When Pam saw a tantalizing photo of Nanette and Jim’s bathroom remodel on Facebook — posted by rockin’ retro Portland realtor Alyssa Starelli — she knew that we had to feature their fantastic space. So we chased after, with AlyStar making the fairy godmother connection, we get to see Nanette and Jim’s vintage blue bathroom — built from scratch. Using vintage salvaged fixtures, vintage wallpaper and and other era-appropriate choices for tile and flooring, this visionary couple transformed an empty portion of their basement into a beautiful blue bathroom that suits their 1945 transitional ranch home. Seriously, though. Why are we even bothering with this wordy introduction. When we could just say:
We live in a 1945 transitional ranch in Portland, Oregon.
- Goal was to create a second bathroom that looked like it could have been there / was original to the house (in the basement, no small chore).
- House did not have a laundry room.
- Discovered we could do so inexpensively without digging in new plumbing lines from the street down under the house (used a pump we affectionately call the sh*t pump).
- Found vintage/era sink, toilet and medicine cabinet all in MINT working condition which cost way less than buying new and are way more gorgeous. (There’s a bit of a story about getting it all to be code but we managed it, this project was done to code btw).
- Used vintage / era wallpaper from Hannahs Treasures, love it!
- Used lots of glass block, it comes in hunks already put together!
- Varnished knotty pine to match existing pine from the 1940s going down stairwell into the basement. (No small task).
It took a lot more time than we thought it would but it’s so good!!!
Here it is before the demo. It was a storage area that we could access through an large opening at the bottom of the stairwell. We kept a curtain across this hole (which many a person fell through on their way down to the bar).
This storage rack is where the shower ended up, the water heater was moved (and we upgraded to gas).
In the beginning I did a drawing of the space to use as a guide for build out/installation etc. (I’m a graphic designer but have never done anything like this before). It has turned out pretty much identical to the drawing.
Vintage wallpaper from Hannahs Treasures and tile decisions (this was a hard decision!)?We chose 2 shades of aqua/blue tile from Dal Tile and the white is actually from Home Depot (it’s Dal white).
We hired a tile setter to install the tile, he did an amazing job, he was painstakingly detail oriented. For the flooring we went with Congoleum VCT, it is very vintage looking and polishes up to a gorgeous sheen not to mention really inexpensive. It’s from the Congoleum “value” line, it really was a great value. Our white floor is the berry blossom and the blue is aqua spring. The Congoleum VCT is laid with the pattern going in the same direction (I can’t remember what they call that, not parquet).
We considered trying to use vintage glass block but after doing some research we found that new glass block was the way to go. It all matched and it came in already put together sections so we didn’t have to mortar them in. Not to mention it was not super spendy.
You can see here there is now a wall at the bottom of the stairs. The replacement knotty pine was painstakingly varnished to match the existing knotty pink that flanks the entire basement.
We scored this amazing pre-war Crane sink with all it’s original hardware including mounting brackets and the 1940s American Standard uni-body toilet at Hippo Hardware, it was in perfect working condition. Ended up being WAY cheaper than buying new not to mention — GORGEOUS!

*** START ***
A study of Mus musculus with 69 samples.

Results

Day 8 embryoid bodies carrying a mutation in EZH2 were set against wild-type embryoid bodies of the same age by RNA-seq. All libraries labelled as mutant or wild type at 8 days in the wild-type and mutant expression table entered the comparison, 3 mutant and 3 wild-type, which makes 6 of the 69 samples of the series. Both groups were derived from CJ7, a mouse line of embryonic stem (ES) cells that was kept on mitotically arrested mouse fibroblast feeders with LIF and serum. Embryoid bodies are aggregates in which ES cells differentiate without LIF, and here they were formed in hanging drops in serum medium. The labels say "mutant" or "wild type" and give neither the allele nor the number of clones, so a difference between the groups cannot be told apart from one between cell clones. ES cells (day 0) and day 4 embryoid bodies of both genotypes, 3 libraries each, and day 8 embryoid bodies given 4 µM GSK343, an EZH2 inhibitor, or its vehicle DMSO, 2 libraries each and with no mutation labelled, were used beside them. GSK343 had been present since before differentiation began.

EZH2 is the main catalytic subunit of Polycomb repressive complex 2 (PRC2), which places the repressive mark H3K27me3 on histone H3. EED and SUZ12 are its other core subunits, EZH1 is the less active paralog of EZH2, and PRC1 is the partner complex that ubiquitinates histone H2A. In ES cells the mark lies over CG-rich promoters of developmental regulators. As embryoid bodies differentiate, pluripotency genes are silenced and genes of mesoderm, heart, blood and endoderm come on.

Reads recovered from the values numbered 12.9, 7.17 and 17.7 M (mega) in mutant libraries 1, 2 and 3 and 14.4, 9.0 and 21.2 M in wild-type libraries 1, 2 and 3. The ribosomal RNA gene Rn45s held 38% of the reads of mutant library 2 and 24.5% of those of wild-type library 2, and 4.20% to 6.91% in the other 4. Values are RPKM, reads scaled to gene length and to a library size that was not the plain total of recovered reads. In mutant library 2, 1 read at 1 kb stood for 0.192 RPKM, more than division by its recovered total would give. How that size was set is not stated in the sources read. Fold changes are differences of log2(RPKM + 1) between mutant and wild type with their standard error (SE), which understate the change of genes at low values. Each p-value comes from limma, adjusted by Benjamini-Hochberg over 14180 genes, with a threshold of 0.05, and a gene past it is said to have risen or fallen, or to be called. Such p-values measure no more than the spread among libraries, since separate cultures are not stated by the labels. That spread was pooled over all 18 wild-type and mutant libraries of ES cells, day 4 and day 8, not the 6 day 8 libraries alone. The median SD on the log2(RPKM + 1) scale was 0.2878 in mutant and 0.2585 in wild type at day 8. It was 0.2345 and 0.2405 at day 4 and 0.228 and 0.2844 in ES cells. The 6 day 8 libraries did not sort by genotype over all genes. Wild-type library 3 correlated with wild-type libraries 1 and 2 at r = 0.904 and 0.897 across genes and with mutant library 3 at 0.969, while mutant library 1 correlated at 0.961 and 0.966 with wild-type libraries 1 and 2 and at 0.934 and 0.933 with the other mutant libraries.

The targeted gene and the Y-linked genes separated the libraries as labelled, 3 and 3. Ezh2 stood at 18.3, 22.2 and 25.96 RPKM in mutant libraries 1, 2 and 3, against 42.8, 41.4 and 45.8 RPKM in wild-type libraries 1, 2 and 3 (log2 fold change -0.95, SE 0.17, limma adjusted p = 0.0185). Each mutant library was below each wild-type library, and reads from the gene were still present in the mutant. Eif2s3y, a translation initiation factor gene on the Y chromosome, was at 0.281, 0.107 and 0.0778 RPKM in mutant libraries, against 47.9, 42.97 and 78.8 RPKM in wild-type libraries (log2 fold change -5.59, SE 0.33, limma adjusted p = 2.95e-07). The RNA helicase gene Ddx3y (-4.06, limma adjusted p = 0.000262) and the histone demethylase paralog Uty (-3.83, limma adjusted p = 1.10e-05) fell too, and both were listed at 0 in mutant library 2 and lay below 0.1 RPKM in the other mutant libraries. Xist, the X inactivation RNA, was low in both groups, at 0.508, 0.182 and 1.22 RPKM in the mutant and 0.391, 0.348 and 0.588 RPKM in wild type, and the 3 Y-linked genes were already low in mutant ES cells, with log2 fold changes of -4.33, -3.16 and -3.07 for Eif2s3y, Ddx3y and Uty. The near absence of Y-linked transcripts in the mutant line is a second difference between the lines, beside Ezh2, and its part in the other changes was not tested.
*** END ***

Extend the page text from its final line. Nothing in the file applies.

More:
The medicine cabinet seen above the sink is also a vintage score from Hippo Hardware, it was absolutely Mint. I literally stood guard over it when I found it to stake claim as there was anther couple drooling over my shoulder hoping I wouldn’t take it.
This mirror was sitting in a corner of our basement collecting dust for at least 12 years in need of rehab. I finally restored it as much as possible and found it a home!!! Also the window, there is no natural light/windows in this area of the basement, we decided to add a glass block window into the laundry room to give it a warmer feel as if it had a window.
I also found this hamper in our basement collecting dust. It was waiting for a home for over 12 years as well. (Vintage wallpaper from Hannah’s Treasures!)
One other thing that was super hard to find was the square recessed light fixtures in the ceiling. We have a number of those in our house we wanted to match not to mention the clearance is low so we needed recessed lighting. I just can’t remember where they came from. [Pam suggests – see this story about recessed square lighting.]
`Our plumber went to the trouble of finding vintage chrome handles for the hot water valves as well and other chrome parts so that the exposed pipes under the sink would also look stunning.
We also learned that cabinet makers are not hungry for work in Portland Oregon, it was a painstaking task to find one to make our cabinetry at a reasonable price. We many had bids ranging from $8,000 to $700 for two small pieces of paint grade cabinetry.
Also I used your website a ton for reference whenever I needed to make a decision about how something should look or find a part I started with Retro Renovation!
The laundry room sink is a Thermocast Kensington acrylic drop in laundry sink. We found this washboard style utility sink online from Home Depot. It’s an Acrylic sink available in a large variety of colors with free shipping
Again, the word of the day, Nanette and Jim, is: WOW. Being in the middle of a bathroom remodel myself, I understand just how much work goes into building a vintage bathroom from scratch. You two did a simply amazing job. Thanks so much for sharing the results of all your hard work and sources with all of us. And thanks to AlyStar for the hot tip!!!